Live blogging from the Drammys, Portland's own local theater awards.

Nothing has happened yet, so skip this post if all you're looking for are winners—I'll have those up as they're announced.

We're at the Crystal Ballroom—I'm sitting in the corner grudgingly drinking a pink McBeer, while all around folks are mingling and schmoozing and waiting for the ceremony itself to get started. It's a far younger and livelier crowd than the audiences at most of the actual plays I've seen recently—unsurprisingly, the theater community saw an opportunity to play dressup and seized the shit out of it. I see heels, bare shoulders, elaborate updoes. A man in a skirt just walked by. (Or was that a ultilkilt?) Everyone looks very pretty, except for me, who just spilled beer on myself. Luckily my beer and my shirt are the same color.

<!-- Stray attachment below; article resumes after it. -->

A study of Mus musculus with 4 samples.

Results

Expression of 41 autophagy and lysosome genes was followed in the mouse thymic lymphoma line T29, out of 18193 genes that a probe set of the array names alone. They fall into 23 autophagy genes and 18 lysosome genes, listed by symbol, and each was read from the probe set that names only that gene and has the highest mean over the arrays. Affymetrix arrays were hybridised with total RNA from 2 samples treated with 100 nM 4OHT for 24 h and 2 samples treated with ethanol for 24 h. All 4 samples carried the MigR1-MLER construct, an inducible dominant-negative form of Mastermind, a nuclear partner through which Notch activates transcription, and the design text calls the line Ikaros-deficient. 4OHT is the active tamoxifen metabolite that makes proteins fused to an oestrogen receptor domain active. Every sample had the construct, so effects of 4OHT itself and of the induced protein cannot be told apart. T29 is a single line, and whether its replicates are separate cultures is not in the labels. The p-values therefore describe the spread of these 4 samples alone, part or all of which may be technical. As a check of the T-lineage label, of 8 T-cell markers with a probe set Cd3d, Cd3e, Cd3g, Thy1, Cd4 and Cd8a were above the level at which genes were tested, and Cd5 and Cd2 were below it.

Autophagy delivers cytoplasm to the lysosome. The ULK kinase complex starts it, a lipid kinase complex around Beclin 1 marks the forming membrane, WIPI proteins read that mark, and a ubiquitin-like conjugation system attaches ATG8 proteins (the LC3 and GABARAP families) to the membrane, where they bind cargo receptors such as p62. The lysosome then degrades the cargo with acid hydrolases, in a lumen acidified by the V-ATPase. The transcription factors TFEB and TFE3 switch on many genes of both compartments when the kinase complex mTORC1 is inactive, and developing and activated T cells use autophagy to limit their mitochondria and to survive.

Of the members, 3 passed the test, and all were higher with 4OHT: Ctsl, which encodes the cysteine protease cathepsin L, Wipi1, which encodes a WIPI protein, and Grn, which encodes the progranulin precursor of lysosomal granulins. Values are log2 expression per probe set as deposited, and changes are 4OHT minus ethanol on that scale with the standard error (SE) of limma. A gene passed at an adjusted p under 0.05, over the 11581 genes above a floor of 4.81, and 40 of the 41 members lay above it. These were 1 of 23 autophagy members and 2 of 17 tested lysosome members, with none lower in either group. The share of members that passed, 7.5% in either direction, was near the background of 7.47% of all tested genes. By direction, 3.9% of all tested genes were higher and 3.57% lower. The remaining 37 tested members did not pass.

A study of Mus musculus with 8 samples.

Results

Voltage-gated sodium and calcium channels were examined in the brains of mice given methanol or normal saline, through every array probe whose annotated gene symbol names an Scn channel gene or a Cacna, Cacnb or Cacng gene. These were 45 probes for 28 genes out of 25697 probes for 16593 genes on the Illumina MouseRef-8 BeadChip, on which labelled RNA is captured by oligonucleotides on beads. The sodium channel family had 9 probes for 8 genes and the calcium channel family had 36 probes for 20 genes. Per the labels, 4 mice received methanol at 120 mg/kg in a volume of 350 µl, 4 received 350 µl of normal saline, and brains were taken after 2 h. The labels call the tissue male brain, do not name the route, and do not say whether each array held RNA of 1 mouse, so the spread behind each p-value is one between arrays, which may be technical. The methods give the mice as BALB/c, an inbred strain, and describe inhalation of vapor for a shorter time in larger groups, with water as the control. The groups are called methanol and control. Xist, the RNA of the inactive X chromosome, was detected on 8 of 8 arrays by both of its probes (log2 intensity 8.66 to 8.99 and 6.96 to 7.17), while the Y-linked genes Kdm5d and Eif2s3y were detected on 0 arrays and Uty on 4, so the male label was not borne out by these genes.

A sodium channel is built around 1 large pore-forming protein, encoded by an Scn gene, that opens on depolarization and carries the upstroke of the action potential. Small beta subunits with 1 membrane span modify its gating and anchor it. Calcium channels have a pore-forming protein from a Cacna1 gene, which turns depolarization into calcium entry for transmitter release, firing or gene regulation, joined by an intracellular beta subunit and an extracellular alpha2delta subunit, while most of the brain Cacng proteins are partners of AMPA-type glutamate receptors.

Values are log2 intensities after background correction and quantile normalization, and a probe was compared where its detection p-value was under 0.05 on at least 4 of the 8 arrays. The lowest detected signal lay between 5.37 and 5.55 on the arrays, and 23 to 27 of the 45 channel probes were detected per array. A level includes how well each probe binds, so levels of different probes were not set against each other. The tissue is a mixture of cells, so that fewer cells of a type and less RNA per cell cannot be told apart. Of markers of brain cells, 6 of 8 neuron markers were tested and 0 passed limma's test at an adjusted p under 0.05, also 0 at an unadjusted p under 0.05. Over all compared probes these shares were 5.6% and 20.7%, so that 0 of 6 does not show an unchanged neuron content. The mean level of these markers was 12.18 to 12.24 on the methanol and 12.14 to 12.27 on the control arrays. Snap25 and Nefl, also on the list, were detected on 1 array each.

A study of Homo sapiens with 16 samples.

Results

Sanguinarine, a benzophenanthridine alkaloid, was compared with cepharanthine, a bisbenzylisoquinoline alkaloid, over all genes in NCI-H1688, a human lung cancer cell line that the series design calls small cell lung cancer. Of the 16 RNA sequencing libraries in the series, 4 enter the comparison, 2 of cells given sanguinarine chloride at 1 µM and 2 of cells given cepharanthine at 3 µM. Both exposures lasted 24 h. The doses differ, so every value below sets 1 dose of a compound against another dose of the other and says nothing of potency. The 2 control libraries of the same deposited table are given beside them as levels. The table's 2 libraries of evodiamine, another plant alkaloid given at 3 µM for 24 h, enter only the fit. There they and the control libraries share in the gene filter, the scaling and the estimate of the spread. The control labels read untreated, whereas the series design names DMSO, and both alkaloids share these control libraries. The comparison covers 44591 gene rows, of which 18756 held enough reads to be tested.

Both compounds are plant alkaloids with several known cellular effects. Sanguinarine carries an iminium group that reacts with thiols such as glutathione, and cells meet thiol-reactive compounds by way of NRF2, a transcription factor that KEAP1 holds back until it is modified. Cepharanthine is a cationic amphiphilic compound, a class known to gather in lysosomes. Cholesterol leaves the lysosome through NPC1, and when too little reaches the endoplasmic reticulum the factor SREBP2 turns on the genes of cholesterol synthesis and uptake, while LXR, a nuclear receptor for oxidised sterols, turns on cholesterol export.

Everyone looks familiar, for obvious reasons—there's Tyler Cafall, who was one of the only parts of Artist's Rep's The History Boys that I didn't find viscerally offensive. His date just spilled a drink; he cleaned it up. Ahh, chivalry. (At what point does liveblogging become creepyblogging?) There's Darius Pierce, who I certainly wouldn't be surprised to see get a nod tonight for his excellent turn in Portland Center Stage's The Beard of Avon; there's Val Landrum, who certainly earned herself a supporting actress nomination with her turn as Stella in Artist Rep's Streetcar. Michael O'Connell, maybe a little something-something for his role in Shining City?

I'm not one to make predictions, but on my wish list: I'd like to see Imago's The Dinner get a shout out, and I'm hard pressed to think of a better female performance than that Andrea Frankle, who played Blanche in Streetcar. Sojourn's Throwing Bones deserves a little love.

O theater critic Richard Wattenberg (a former professor of mine, which he may or may not remember) just dropped by and said that "Live from the Drammys" is a sexy name for a blog post. I know, right?

Everyone is schmoozing and mingling. How nice. More later when the ceremony itself commences.